MNI (Washington)

Another rapid hawkish tilt is afoot, ex-staffers and policymakers tell MNI.


“The December 2021 dot-plot will pencil in two rate hikes in 2022, with the potential for a third if the FOMC anticipates that meaningful inflationary pressures are likely to persist across the year stubbornly,” Rick Roberts, a former New York Fed staffer now at Monmouth University, told MNI.

That will mark a rapid shift from the Fed’s most recent rate estimates in September, which saw policymakers divided between whether to start hiking interest rates in 2022 or 2023.

"They've already begun tapering and even indicated speeding up the tapering. So, they've moved their expected path for policy a lot [but] they probably have a bit more adjusting to do given the inflation risks that we're seeing," said William English, former director of the division of monetary affairs at the Fed Board and secretary to the FOMC. As MNI has reported, the Fed is set to speed up its taper to potentially double the current pace so that March can be a “live” meeting for rate hikes. (See MNI: March Fed Meeting Seen Live For Liftoff, Ex-Officials Say)

U.S. inflation has far surpassed Fed and market expectations, with the consumer price index expected to have surged 6.8% in the year to November in a report due Friday, the highest reading in over three decades. This has forced a fairly rapid about-face by even once-dovish Fed policymakers.


One reason for a hawkish tilt to the dot plot is that only two rate hikes would imply a break from past Fed practice of quarter-point tightening steps at every meeting, and that would be tough to explain to markets and the public.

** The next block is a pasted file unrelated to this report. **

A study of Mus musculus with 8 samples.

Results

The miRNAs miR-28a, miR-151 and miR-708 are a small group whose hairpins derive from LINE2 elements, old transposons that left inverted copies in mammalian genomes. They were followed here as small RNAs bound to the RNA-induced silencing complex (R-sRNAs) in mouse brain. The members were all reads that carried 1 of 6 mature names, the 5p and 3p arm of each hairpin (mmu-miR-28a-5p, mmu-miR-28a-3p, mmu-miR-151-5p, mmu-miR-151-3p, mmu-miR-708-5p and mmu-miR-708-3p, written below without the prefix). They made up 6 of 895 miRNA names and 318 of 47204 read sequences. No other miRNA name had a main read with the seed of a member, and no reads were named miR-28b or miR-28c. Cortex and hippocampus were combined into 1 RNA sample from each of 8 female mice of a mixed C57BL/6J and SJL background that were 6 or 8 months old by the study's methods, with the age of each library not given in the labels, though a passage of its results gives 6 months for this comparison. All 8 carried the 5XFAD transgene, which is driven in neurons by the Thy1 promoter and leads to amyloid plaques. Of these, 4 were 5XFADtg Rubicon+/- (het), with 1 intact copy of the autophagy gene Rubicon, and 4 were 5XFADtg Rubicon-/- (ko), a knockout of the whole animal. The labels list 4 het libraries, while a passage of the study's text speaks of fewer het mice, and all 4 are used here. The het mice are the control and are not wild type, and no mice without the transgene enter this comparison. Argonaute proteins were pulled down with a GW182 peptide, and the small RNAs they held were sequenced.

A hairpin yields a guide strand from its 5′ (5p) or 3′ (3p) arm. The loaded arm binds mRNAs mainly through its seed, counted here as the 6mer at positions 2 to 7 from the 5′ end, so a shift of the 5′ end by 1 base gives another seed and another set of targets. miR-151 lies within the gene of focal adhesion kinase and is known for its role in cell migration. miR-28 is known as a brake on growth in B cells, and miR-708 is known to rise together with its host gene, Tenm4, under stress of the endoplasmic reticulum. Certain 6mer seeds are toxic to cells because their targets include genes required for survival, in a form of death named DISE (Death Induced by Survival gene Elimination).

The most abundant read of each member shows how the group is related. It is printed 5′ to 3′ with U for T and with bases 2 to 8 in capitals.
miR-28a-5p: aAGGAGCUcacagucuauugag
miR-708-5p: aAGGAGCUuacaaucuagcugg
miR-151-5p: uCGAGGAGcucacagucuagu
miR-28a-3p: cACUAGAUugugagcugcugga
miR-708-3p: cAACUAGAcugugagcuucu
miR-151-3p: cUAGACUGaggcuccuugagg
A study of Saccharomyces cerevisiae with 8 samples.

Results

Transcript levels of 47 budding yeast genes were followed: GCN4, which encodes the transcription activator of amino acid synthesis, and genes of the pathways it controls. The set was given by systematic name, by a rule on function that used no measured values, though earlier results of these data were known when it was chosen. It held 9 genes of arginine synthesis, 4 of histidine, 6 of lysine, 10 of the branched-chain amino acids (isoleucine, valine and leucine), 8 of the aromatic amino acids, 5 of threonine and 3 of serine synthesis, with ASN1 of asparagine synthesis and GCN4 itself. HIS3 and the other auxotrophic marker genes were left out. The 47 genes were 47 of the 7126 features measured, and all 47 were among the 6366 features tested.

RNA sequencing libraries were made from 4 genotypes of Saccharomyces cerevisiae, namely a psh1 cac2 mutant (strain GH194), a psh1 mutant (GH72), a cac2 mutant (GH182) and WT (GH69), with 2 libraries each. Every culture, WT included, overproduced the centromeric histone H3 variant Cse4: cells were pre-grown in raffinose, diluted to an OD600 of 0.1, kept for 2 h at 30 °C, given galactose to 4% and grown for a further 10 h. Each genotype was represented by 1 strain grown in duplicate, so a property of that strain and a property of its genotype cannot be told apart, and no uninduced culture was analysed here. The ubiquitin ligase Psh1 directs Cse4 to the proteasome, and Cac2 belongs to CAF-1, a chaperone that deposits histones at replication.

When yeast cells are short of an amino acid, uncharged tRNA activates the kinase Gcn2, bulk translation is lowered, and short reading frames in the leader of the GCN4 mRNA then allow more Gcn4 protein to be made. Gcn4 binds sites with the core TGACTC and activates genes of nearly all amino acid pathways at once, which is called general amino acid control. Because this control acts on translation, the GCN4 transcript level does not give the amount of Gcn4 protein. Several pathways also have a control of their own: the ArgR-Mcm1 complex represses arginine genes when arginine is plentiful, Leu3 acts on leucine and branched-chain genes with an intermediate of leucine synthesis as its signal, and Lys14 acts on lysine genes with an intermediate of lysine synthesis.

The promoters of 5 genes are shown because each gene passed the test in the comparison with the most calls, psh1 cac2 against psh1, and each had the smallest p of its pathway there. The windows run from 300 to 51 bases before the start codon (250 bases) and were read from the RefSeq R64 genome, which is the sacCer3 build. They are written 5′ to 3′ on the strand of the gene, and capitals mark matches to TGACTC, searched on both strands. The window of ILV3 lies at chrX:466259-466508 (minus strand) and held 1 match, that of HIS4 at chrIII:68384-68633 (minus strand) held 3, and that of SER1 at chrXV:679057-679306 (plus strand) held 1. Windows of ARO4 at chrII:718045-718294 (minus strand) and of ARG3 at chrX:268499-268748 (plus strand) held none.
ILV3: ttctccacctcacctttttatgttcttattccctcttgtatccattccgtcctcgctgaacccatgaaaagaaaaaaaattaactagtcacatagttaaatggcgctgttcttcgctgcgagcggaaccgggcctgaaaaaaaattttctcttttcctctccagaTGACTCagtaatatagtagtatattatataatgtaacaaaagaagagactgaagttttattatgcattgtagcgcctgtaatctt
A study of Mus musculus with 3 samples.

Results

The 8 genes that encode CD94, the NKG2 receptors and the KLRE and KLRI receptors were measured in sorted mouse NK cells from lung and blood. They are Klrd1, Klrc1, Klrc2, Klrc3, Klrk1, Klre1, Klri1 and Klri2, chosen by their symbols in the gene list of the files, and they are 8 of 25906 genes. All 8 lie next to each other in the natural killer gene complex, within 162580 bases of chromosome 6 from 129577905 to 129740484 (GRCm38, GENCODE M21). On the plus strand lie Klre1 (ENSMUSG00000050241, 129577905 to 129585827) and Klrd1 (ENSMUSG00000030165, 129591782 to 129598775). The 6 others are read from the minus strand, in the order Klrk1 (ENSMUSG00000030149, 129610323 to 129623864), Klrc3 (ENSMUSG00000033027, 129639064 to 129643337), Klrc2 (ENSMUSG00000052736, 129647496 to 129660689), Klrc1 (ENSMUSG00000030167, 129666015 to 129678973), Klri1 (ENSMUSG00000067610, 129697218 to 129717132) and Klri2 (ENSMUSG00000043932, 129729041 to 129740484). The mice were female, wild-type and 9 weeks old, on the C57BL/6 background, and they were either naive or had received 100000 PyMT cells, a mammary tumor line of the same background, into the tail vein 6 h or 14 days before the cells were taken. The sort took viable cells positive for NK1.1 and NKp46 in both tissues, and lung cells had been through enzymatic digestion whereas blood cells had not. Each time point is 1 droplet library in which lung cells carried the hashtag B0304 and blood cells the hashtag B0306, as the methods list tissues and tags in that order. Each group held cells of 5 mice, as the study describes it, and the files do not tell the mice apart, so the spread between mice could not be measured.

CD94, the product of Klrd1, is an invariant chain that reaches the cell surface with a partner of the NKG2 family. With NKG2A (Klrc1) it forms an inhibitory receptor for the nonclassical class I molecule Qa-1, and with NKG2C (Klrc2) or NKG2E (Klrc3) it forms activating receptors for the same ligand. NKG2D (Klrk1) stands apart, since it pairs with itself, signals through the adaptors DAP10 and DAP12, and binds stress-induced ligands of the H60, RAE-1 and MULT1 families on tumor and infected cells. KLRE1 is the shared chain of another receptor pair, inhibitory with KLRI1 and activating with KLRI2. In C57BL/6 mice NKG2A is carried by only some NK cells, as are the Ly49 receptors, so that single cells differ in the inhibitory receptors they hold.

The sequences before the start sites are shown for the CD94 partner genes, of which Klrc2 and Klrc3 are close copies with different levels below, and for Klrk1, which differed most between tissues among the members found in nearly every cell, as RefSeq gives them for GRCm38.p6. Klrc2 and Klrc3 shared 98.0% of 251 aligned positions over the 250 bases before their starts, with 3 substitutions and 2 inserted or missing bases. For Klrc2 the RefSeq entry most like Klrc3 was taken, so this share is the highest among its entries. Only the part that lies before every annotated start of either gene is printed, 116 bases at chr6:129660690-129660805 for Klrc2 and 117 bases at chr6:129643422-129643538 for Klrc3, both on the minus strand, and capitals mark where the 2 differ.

“A median of two hikes next year is a reasonable prediction,” said Dennis Lockhart, former Atlanta Fed president, in an interview. “That said, it's challenging to carry off a cycle of rate increases that don't involve policy action at every meeting post-lift-off. An action followed by a pause followed by another action and so on requires careful communication. It's a more difficult process to manage.”

Claudia Sahm, a former Fed board economist, also expects a “notable shift toward two hikes, with balance sheet tightening done by March.” The desire by some Fed officials to simply jawbone inflation expectations lower might not be enough, she added.

“Forward guidance communication is clearly the strongest tool the Fed has and it’s not that strong right now,” Sahm said, pointing to a decline in market rates after Fedspeak turned more hawkish recently.

“If rates do not go up, the Fed is not slowing demand. They have to get the real economy to change its behavior, and that takes time. It will take even longer if interest rates that consumers and businesses pay don’t increase.”


She expects Fed staffers to hold onto the notion that inflation is still largely temporary even though Chair Jay Powell has officially retired the term transitory and the FOMC is set to replace it at the upcoming meeting.

“My guess is staff is still holding onto inflation being transitory with the middle of next year as back under 2.5%,” she said. Crucially, however, “the FOMC will not agree.”

The surge in inflation to worrisome levels has suddenly made it a top political priority, likely making Powell’s press conference after next week’s meeting a difficult one for the newly-reappointed chair.

“I think Powell really is trying to signal that he is just as effective as Mr. Volcker,” in fighting inflation, said Joseph Haslag, a former Dallas Fed economist now at the University of Missouri. “I believe next week will be more anti-inflation rhetoric.”